Do you know if your home
is electrically safe?

We have all experienced an overloaded circuit at some point in our lives. Typically, when plugging in heaters or using large appliances at the same time, a circuit breaker in your panel will trip. In some cases, you cannot even use combinations of appliances at the same time. An example would be using a microwave and toaster at the same time. This is because the line is shared when it should be dedicated.

What is a dedicated circuit?

A dedicated circuit is a line coming directly from your panel that feeds one single appliance, piece of equipment, or plug. These pieces of equipment are typically kitchen appliances, kitchen counter receptacles, GFCI exterior receptacles, heaters, and a whole host of other items. It is prohibited by code to have anything other than the appliance or piece of equipment being fed on that same line. These circuits are required to prevent overloads and the inconvenience of tripping breakers.

What is an “overload” and how do I prevent it?

When multiple appliances are powered by a single circuit, there is potential for the combined power consumption to be more than the wire and the breaker are capable of handling. This results in the breaker "tripping" off and causes undue stress on the electrical system. This is also known as an overload. These overload situations are common in older homes that were wired before the electrical code required dedicated circuits. It is also common in renovations where there wasn’t enough care taken to ensure dedicated circuits were run. In older homes, it is common to see one circuit feed multiple appliances, i.e.: the fridge and toaster oven or the microwave and the counter plugs.

Modern kitchens have multiple appliances and these appliances all have their own unique requirements. It is common to have as many as six or more dedicated 20-amp circuits these days—especially since kitchens have become more state-of-the-art and have multiple appliances in them. Kitchens are not the only place you will see dedicated circuits. Most of your mechanical equipment will also require dedicated circuits.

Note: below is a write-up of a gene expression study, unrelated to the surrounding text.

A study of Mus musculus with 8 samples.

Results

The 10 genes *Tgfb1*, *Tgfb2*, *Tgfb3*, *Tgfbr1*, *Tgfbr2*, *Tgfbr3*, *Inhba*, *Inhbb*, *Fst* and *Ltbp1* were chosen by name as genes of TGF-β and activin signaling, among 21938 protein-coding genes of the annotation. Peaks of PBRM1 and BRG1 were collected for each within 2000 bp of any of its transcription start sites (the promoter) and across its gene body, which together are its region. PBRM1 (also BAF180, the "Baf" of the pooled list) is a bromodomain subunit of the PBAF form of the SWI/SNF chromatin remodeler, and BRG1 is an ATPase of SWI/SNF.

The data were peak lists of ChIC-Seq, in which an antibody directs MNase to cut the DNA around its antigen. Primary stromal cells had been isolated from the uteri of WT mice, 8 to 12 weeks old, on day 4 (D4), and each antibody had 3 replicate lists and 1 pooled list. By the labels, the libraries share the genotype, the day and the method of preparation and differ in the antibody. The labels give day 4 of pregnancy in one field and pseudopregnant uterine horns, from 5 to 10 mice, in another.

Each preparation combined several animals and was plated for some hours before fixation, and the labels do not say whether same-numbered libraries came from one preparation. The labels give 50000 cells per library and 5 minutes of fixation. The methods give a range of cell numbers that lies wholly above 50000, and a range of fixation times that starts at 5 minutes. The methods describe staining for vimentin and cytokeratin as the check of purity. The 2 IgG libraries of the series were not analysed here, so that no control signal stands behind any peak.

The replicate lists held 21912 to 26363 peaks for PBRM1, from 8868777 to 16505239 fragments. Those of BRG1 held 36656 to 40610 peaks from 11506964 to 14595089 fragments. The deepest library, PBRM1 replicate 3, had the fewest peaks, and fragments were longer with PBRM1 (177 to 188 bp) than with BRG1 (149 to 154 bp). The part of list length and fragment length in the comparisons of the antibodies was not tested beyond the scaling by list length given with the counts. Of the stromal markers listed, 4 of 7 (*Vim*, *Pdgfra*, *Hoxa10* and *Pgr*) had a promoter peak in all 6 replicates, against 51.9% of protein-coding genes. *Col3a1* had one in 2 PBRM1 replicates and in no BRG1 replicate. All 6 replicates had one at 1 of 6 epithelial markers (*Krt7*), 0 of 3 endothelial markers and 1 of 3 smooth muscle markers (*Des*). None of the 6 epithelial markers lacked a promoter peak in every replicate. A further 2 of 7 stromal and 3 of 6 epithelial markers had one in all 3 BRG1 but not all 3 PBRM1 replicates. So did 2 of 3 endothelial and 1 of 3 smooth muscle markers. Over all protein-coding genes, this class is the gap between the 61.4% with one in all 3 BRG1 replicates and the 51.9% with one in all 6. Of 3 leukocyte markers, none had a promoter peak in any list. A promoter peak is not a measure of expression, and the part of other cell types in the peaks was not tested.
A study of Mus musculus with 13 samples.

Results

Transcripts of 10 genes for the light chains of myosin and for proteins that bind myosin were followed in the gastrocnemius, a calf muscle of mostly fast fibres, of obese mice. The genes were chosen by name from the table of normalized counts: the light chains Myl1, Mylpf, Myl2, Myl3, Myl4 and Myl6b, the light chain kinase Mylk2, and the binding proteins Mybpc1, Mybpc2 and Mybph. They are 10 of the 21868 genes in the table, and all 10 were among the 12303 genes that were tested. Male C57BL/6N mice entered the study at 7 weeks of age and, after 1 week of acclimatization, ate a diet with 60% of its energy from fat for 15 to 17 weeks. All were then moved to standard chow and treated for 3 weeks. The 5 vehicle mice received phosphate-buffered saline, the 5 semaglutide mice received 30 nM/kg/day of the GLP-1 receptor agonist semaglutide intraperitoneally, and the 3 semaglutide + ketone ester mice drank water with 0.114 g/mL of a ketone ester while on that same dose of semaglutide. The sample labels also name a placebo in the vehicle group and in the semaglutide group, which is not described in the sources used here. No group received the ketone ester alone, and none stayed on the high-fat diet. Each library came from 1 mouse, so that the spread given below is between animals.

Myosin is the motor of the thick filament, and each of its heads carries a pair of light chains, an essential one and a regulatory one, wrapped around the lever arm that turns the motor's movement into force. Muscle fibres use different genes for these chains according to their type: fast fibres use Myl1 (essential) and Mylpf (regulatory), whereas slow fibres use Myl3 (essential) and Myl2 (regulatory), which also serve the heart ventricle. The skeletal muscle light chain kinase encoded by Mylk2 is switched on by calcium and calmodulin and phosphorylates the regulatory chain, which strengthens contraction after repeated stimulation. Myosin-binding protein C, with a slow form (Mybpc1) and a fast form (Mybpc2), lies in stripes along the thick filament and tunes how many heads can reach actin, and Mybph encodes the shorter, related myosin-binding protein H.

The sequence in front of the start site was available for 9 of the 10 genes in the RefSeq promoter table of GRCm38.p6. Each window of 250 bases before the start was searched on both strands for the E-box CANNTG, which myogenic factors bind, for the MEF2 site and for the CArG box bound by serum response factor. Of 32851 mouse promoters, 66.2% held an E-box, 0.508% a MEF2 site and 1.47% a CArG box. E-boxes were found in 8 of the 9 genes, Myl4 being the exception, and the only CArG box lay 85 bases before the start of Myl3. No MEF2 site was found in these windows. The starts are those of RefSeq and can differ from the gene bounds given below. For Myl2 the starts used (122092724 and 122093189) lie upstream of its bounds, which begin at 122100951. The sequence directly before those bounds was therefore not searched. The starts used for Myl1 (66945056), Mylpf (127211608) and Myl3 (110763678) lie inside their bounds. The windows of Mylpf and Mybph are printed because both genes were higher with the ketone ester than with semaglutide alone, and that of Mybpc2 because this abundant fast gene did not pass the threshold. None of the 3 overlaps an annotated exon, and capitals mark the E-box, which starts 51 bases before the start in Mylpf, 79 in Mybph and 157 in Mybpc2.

What appliances require dedicated circuits?

Before installing ANY new piece of equipment or plugging in ANY new appliance, you must read the manufacturer’s specifications. The manufacturer will outline if the appliance requires a dedicated circuit. Although the Building Code Authorities and Electrical Safety Authority will have their own specific requirements, below is a list of common appliances in your home that require dedicated circuits:

heat icon


(plug in heaters, baseboard heaters, electric fireplaces, heat pump, etc.)

air conditioning icon

Air Conditioning

sump pump icon

Sump Pump

hot water icon

Hot Water on Demand

(tankless water heater)

electrical recepticle icon

Exterior Receptacles

electrical receptacle icon

Kitchen Counter Receptacles

fridge icon


freezer icon


microwave icon


oven icon


stove icon


garburator icon


dishwasher icon


washing machine icon

All Laundry Appliances

How do I know if I have dedicated circuits?

If you have any circuit breakers that frequently trip after an appliance is turned on, the odds are it is not dedicated or it is undersized. If you lose power to other items when a breaker shuts off, it is not dedicated. Alternatively, check your panel legend. If your panel is labelled correctly, you should ONLY see the name of the appliance next to the circuit number on the legend. If you are missing your panel legend, or if you are experiencing one of the conditions listed above, call us today to schedule an electrician to ensure your electrical system is up to 2019 standards.